Out-Law News | 05 Feb 2018 | 1:31 pm | 3 min. read
The GDPR will apply directly in law across the EU, and to any non-EU businesses processing the personal data of EU consumers where they are directing services at that market, from 25 May 2018. However, aspects of the Regulation need to be supplemented with new national data protection legislation.
The European Commission said that, despite the approaching deadline, just two EU countries "have already adopted the relevant national legislation". One of those countries is Germany, and the other is Austria.
The Commission called on the other EU countries to "speed up the adoption of national legislation and make sure these measures are in line with the Regulation" and further "equip their national authorities with the necessary financial and human resources to guarantee their independence and efficiency".
In new guidance (18-page / 365KB PDF) it has published on the GDPR, the Commission said that EU countries that fail to adopt the necessary national laws in time could face fines.
"It is important to give operators enough time to prepare for all the provisions that they have to comply with," the Commission said. "Where member states do not take the necessary actions required under the Regulation, are late in taking them or make use of the specification clauses provided for under the Regulation in a manner contrary to the Regulation, the Commission will make use of all the tools it has at its disposal, including recourse to the infringement procedure."
The Department for Digital, Culture, Media and Sport (DCMS) said on Wednesday that just 38% of businesses in the UK have heard of the GDPR (9-page . 541KB PDF). According to a survey it commissioned, 80% of large businesses in the UK – those with more than 250 employees – had heard of the GDPR. Just 31% of micro companies – those with between two and nine staff members – are aware of the new Regulation, DCMS said.
More than 1,500 businesses were questioned on the issue as part of the government's annual Cyber Security Breaches Survey, the full results of which are due to be published in April. The survey was carried out between October and December 2017.
Different levels of awareness were recorded across different sectors of the economy, DCMS said.
"The finance and insurance; information or communications; and the education sectors have the highest awareness of GDPR (79%, 67% and 52% respectively)," DCMS said. "These are significantly higher than the average. Meanwhile, construction and the production and manufacturing sectors are among the sectors with the lowest awareness (25% and 27% awareness respectively), significantly less than the average."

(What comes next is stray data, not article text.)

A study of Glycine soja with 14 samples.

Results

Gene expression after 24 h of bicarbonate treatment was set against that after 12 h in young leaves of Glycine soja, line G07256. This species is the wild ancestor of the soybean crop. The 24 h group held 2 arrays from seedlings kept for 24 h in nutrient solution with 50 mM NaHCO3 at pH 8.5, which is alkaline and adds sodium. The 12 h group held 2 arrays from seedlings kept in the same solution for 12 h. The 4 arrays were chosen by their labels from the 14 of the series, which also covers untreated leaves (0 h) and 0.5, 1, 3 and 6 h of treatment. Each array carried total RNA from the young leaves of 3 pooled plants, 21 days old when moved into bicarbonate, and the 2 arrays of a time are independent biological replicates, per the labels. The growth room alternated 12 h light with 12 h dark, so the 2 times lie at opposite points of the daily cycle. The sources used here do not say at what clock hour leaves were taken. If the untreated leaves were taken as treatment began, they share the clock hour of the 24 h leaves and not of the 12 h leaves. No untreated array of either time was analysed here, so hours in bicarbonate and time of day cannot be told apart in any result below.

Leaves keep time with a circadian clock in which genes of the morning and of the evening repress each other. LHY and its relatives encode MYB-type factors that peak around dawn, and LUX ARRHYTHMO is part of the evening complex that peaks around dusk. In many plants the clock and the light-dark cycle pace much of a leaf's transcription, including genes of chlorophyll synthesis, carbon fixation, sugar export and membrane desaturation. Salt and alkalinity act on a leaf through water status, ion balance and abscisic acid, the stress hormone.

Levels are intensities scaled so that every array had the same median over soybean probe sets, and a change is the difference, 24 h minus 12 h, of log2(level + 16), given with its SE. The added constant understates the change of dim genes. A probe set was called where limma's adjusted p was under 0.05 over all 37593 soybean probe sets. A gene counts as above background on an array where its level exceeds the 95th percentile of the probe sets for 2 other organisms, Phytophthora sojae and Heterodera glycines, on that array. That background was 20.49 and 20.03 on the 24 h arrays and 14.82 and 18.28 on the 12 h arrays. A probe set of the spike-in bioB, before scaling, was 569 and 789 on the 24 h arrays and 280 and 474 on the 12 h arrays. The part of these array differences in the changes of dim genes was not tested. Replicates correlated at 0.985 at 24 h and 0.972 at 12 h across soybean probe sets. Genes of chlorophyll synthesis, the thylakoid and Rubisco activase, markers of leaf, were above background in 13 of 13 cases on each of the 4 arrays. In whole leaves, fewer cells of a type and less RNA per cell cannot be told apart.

"Awareness is higher among businesses reporting that senior managers consider cybersecurity a fairly high or very high priority. Just over two fifths (43%) of those placing a high priority on cyber security are aware, significantly higher than those who say it is a low priority (23%)," it said.
Speaking at the World Economic Forum's annual meeting in Davos, Switzerland, the UK's digital and culture secretary, Matt Hancock, called on companies to "act to make sure the personal data they hold is secure and they are prepared for our Data Protection Bill". He urged businesses to refer to guidance produced by the UK's information commissioner to support their work to comply with the new rules.
Information commissioner Elizabeth Denham said: "This is a step change in the law; businesses, public bodies and charities need to take steps now to ensure they are ready. Organisations that thrive under the new rules will be those that commit to the spirit of data protection and embed it in their policies, processes and people."
"The GDPR offers a real opportunity to present themselves on the basis of how they respect the privacy of individuals, and over time this can play more of a role in consumer choice. Enhanced customer trust and more competitive advantage are just two of the benefits of getting it right," Denham said.
In its new guidance, the European Commission urged businesses that have not already done so to "undertake thorough reviews of their data policy cycle so as to clearly identify which data they hold, for what purpose and on what legal basis". They should also carry out a review of data processing contracts they have in place and further assess their "overall governance" of personal data under their control, it said.
"An essential element in this process is to ensure that the highest level of management is involved in such reviews, provides its input and is regularly updated and consulted on changes to the business’s data policy" the Commission said.
"To this end, some operators make recourse to compliance checklists (either internal or external), seek advice from consultancies and law firms and look for products that can deliver on the requirements of data protection by design and by default. Each sector must work out arrangements that are appropriate to the specific nature of its area and are adapted to their business model," it said.